McGraw said if cases are settled, the services the settlements offer West Virginians have to be advertised. He said he believes a lawyer's name needs to be on ads that advertise such legal services.
"The election and the settlement coincide - and guess what?" McGraw said. "I'm glad."
Morrisey wanted McGraw to elaborate on why he was glad.
"Because I do want to point out that if any one point or any one purpose of advertising is political in nature, that can get people in a lot of trouble," Morrisey said.
McGraw turned philosophical.
"For 2,500 years, we've been arguing about what's 'political,' " McGraw said. "I think it was Plato - wasn't it? - that said 'political' depends on where you stand while you're looking at it."
He said, moments later, "So it coincides and all the sudden it's a federal case?"
Morrisey said he has to raise money just to compete with spending by McGraw's office.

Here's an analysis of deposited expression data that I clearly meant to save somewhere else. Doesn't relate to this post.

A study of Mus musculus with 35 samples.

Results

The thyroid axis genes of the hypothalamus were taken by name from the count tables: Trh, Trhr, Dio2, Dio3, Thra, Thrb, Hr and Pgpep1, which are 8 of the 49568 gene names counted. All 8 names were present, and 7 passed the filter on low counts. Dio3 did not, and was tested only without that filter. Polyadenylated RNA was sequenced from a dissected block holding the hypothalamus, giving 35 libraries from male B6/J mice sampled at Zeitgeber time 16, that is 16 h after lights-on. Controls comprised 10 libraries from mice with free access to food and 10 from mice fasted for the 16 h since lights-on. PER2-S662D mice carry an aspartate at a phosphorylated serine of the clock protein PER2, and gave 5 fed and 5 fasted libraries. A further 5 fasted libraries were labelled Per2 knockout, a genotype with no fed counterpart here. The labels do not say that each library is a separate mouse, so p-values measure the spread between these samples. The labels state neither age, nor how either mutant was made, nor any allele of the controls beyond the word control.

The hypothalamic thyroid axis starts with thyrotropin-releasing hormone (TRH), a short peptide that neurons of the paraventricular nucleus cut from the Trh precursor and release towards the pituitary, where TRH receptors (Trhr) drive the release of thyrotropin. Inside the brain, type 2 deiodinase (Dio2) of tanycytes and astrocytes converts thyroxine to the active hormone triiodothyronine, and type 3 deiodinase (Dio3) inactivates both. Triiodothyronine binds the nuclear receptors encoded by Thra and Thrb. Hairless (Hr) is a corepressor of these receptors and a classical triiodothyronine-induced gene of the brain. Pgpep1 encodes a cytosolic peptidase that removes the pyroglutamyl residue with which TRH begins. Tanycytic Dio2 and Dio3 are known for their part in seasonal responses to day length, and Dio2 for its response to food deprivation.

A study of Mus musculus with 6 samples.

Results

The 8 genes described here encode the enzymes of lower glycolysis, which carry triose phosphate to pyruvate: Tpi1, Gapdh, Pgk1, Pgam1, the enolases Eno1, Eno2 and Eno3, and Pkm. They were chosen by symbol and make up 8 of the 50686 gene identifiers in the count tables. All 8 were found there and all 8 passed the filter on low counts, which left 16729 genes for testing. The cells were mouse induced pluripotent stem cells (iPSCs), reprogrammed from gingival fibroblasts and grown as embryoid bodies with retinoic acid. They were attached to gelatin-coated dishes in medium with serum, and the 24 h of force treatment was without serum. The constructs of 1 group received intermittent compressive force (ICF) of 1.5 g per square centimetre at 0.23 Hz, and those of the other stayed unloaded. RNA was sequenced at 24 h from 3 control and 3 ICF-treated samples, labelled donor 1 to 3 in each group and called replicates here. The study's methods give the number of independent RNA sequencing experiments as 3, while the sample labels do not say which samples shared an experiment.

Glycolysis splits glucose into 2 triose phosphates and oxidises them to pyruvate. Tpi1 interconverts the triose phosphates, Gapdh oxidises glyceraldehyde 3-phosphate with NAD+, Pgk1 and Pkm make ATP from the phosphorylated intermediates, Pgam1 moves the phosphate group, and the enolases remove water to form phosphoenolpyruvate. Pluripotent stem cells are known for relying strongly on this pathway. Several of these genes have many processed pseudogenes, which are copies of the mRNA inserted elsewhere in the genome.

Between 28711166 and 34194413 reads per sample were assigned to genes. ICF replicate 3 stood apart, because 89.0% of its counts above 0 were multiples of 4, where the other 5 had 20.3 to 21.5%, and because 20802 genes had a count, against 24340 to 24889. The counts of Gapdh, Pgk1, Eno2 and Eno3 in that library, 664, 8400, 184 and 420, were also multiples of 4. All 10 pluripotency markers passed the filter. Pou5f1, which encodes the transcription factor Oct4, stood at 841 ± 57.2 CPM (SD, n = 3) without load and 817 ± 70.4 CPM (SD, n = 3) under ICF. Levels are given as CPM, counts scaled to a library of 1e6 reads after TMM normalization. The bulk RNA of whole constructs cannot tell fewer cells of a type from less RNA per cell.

"We're trying to raise the money because, to be honest, we have to compete with this taxpayer-financed machine," Morrisey said. "He had $6.1 million of the mortgage settlement, and we're looking at such a significant percentage being spent on blatantly political activities, so we have to raise as much money to make sure that my name, I.D. and our message gets out."
"Right there - stop it!" McGraw said. "Stop it! Right there you had an assertion -"
Morrisey, "What's false about it?"
McGraw continued, "- about 'taxpayer-paid machine' - there's no such thing, OK? But it goes on, it just goes on, running on and on and on and on with no basis for anything . . ."
The pair shook hands at the beginning of the meeting but not at the end, though Morrisey held out his hand as McGraw was turning to leave.
Morrisey has repeatedly challenged McGraw to a series of public debates ahead of the Nov. 6 election. McGraw said Wednesday, "I don't get into debates about how to enforce the law."